Here’s some unsolicited advice from the internet, Paramount–I hear you’re into that–don’t throw away the mummified corpse of Sonic that you only allowed us to glimpse before casting away forever. You can’t do that to us. We need it.
I’m as happy as the next guy that Paramount designed a version of Sonic that doesn’t look like the Pikachu from Strokemon. Scarring children for life is uncool, I’m told. With Sonic back on track, the studio’s set to make a good deal of gold off the blue blur. That’s great.
But some gold isn’t all the gold, and they have one surefire way to cash in for all this controversy is worth. Release it. We know Paramount has the entire Sonic the Hedgehog movie locked away on a hard drive somewhere complete with this monstrosity that even Roger Corman would reject–and that anemic creation, looking like a young boy with giant teeth wearing Sonic’s skin Buffalo Bill style, could drive blu-ray sales (or at least Redbox rentals) to the moon. There’s a sizable subset of people like myself who, while impressed by the revision, honestly hoped Paramount would either be too cynical or lazy to change the original design, or that the internet could keep quiet long enough for them to release an officially sanctioned Sanic to the masses. This didn’t happen, and now that I’ve abandoned all hope of seeing it disgrace theaters, can it at least disgrace my home?
People lose their shit over special edition blu-rays with alternate (probably worse) versions of films they already saw in theaters as it is. Black and white Mad Max? People ate that crap up! That’s nothing but slapping a saturation slider to the left. What we have with Sonic is much more interesting and dynamic–a one-of-a-kind experience that would move millions more copies than a Sonic the Hedgehog sans Sanic Vision.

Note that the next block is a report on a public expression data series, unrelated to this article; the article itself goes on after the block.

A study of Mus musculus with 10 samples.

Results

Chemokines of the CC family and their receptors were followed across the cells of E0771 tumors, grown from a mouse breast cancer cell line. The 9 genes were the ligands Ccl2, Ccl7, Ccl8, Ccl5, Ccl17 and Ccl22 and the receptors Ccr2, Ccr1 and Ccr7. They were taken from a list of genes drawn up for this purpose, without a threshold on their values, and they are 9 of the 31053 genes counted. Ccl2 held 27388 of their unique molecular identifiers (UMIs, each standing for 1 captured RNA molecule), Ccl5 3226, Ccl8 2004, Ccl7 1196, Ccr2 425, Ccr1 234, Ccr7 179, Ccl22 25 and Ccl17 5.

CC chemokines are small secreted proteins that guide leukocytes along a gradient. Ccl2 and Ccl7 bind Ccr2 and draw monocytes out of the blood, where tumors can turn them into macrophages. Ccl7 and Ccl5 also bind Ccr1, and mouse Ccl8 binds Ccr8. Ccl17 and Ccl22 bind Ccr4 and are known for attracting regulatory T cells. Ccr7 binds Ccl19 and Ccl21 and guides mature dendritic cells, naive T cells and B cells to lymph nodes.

One of my most prized possessions growing up was Kung Pow: Enter the Fist on DVD. Sure, the film is a wonderful classic perfect in its original form, but hidden in the menus was a secret version of the movie without any dubs. Most of the film isn’t in English, so the bulk was incomprehensible to my ears, but it was a blast to see the nonsense Steve Oedekerk spat out in English to later dub over. It was weird, pointless, disposable, and I cherished it deeply. What Sonic the Hedgehog has is so much more than that. This incarnation of Sonic could be exulted forever.
In fact, in a decade it could become the definitive version of Sonic. The thing about idiots who love garbage is that if we watch a terrible film long enough, we start to convince ourselves it’s not only good but better than anything that’s actually good. Look at what happened to The Room. It climbed from unwatchable filth to midnight movie sensation to having its director regarded as an auteur in a movie about its making. That can happen with Sonic. Can you see James Franco in a ratty Sonic suit screaming about going fast while critics murmur that he might win an Oscar for it? I can, and it’s a thing of beauty.
The internet needs to push for this release. Much like the redesign, it’s in Paramount’s best interests anyway. If they resign their unholy abomination to film history’s dumpster we’ll spend the rest of our lives wondering what could have been. If they want money and esteem, then they need to release it. Trust me, I know what I’m talking about. I’m a blogger.